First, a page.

Debating with depth in Eagle-Vail
Eagle-Vail, CO Colorado
EAGLE-VAIL, Colorado ” The presidential debates are like televised sporting events for members of of the speech team at Battle Mountain High School in Eagle-Vail, Colorado.
Watching John McCain, Barack Obama, Sarah Palin and Joe Biden bloviate on stage, they keep a mental tally sheet as if scoring a boxing match, docking points for shaky arguments while cheering when they land a good one.
The students tally-up the grimaces, sighs and gaffes, sometimes thinking of their own personal quirks while at the podium ” how they play with their sleeves or their tendency to babble. They’ve debated many times themselves, know what it’s like, and especially know what to avoid.
Shea Wilson, a senior, says a Sarah Palin style wink would probably cost her big points at a competition. Wilson herself was once docked points for wearing a pair of converse sneakers with her suit.
“It makes it more fun watching debates, whether you’re a Democrat or Republican, if you can tell when they get a good point,” Wilson said.
These student debaters also see through the theater of it all. It often feels what they do at their school debates are more complete, civil and pure than what they witness on television.
“More or less, it’s a facade of a real debate,” said senior Adam Borne. “They try to make themselves attractive to their base and possible voters.”
Have you ever watched a high school debate? The debates are certainly more structured ” they’re neatly organized into timed segments of arguments, cross examinations and rebuttals, all dedicated to one topic.
Some students work in pairs, debating more topical matters such as should the United States increase use of nuclear energy. Others go it alone in so called “value debates,” one-on-one bouts of reasoning about what’s right and wrong, in the spirit of the Lincoln-Douglas debates.
Every contention you make will likely be challenged by your opponent. Sentences are picked apart. The very meaning of words are disputed. Fundamental beliefs are torn apart and reassembled. Every assertion must have a well reasoned response.
The one with the best arguments wins the competition ” instead of who is best able to repeat stale talking points and beat so called “expectations.” It’s a real debate.
At a practice this past week, Wilson and Borne debated a cliche that many people live by: the pen is mightier than the sword.
Wilson argued that power is established by opening people’s minds to different ideas ” Borne asked her though if the “pen” could truly be upheld without the power of the sword. Wilson argued that wars are too often a result of corruption ” Borne argued that wars were more often about cultural differences.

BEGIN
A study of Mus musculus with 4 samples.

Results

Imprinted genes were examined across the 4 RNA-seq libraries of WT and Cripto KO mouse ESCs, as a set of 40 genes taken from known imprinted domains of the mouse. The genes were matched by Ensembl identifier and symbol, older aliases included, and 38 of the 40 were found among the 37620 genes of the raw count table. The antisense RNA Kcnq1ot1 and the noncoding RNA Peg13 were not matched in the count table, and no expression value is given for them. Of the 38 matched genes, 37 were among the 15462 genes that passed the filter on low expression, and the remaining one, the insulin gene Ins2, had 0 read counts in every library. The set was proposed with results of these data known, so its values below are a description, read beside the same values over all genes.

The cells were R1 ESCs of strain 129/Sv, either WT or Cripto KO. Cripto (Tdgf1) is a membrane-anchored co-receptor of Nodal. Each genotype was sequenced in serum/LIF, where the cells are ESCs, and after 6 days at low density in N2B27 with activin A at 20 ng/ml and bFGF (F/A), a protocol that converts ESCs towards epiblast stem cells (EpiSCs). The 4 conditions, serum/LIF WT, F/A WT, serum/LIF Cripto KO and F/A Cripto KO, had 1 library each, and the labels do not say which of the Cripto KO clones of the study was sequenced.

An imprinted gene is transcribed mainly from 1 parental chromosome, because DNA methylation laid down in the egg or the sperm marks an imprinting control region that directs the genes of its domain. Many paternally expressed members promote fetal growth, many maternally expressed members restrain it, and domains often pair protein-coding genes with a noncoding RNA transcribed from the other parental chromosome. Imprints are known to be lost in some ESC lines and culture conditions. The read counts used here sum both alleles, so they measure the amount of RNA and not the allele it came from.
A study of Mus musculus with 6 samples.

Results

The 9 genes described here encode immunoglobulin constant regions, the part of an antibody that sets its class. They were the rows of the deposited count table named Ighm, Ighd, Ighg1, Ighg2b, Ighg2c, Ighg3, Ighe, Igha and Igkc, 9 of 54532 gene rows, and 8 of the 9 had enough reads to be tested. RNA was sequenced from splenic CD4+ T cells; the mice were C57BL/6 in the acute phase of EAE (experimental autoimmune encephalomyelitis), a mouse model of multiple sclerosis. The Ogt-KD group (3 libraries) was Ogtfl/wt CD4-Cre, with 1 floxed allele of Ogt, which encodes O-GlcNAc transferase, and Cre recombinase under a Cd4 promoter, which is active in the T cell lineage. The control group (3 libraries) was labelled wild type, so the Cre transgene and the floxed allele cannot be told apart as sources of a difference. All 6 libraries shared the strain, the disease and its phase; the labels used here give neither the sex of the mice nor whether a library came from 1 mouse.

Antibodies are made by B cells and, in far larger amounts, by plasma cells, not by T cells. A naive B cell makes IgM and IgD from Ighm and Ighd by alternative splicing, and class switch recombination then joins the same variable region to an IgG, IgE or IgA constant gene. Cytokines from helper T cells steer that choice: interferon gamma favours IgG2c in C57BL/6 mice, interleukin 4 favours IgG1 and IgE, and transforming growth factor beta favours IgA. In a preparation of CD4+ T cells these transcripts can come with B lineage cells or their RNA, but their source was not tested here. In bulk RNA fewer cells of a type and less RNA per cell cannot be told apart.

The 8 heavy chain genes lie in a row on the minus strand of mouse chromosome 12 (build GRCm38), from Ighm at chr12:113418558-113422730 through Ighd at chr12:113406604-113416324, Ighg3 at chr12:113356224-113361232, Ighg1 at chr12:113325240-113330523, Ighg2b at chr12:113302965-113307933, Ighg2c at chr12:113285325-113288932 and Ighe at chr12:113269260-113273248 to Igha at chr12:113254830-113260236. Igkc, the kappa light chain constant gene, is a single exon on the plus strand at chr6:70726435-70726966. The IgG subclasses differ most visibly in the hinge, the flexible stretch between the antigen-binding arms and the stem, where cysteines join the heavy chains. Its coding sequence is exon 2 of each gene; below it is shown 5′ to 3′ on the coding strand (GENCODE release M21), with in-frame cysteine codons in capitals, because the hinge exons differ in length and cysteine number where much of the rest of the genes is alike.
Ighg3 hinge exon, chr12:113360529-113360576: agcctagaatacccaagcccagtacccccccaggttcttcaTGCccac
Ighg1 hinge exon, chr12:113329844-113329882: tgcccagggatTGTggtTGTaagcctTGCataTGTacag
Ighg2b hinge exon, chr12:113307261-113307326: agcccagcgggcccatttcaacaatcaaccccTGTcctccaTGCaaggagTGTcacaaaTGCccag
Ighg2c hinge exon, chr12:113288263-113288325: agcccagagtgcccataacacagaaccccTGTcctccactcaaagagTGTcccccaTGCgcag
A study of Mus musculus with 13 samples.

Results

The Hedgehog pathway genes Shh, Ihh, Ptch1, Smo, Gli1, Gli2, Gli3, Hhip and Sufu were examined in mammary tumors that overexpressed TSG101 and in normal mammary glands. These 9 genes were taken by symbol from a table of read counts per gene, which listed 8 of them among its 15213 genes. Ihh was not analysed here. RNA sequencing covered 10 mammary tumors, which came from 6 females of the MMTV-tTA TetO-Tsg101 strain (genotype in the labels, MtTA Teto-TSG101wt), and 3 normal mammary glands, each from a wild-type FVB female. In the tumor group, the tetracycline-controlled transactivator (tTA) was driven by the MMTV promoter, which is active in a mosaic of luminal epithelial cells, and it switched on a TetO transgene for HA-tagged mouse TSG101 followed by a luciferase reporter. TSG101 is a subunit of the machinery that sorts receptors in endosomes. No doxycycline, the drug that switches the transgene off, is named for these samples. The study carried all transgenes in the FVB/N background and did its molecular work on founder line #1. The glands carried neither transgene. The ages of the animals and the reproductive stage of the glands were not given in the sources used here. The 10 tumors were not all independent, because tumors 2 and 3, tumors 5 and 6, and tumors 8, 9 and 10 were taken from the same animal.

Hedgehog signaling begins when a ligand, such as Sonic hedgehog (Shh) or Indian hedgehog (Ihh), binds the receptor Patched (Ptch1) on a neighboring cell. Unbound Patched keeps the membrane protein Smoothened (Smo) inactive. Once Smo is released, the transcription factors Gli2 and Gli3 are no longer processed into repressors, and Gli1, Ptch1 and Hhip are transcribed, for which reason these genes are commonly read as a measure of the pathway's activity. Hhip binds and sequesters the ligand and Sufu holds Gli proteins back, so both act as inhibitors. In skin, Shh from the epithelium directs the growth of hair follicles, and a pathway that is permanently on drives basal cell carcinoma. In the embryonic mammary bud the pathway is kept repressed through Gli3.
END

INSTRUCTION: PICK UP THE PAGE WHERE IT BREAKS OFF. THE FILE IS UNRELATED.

It’s not the sort of conversation that they can make a career out of. But they’re learning how to reason, organize their thoughts and make a case to a skeptical ears. Speech coach Suzanne Foster is trying to teach her students that much of their success in life will depend on their ability to command information.
“No matter what they decide to do post high school, they need to be able to communicate effectively,” Foster said.
The students realize this. Borne said it’s difficult to influence adults at his age, but really, it will be difficult to change minds and influence people at any age. The most you can do is be prepared, be sharp and know how to make your case.
“Having that framework of a debate in mind, it makes your argument more powerful,” Wilson said. “You know how to make a point, and it puts you on the same ground as others when you go to the negotiating table.”
Andreas Calabrese, a new member to the speech team, joined to refine those skills.
“Everyone has a voice, and it’s good to have your voice heard,” Calabrese said.
Later in Wednesday’s practice, Wilson went up against first-time debater Brianna Johnson on this phrase: “When in conflict, honesty is more important than trust.”
Everyone seemed to agree this was a tough one. Wilson argued that honesty, being a building block to trust, is more important. Johnson contended that trust is something bigger altogether than honesty.
Afterwards, everyone in the room gathered in a circle and critiqued their arguments. Sarah Billings, the assistant speech coach, says they both made good points, but were a little dull. What was missing was the human element, a fleshed out, real-life example to connect with the audience.
“People love hearing a story,” Billings said. “I want to hear a story that proved your point.”
Being a debater does require a good deal of empathy. Students are told before every debate what the topic is ” but they’re never told until moments before the debate which side they have to argue.
So, they must be prepared to argue either side and are often forced to be proponents of something they naturally disagree with.
“It requires you to walk in another pair of shoes, Foster said.
Staff Writer Matt Terrell can be reached at 970-748-2955 or firstname.lastname@example.org.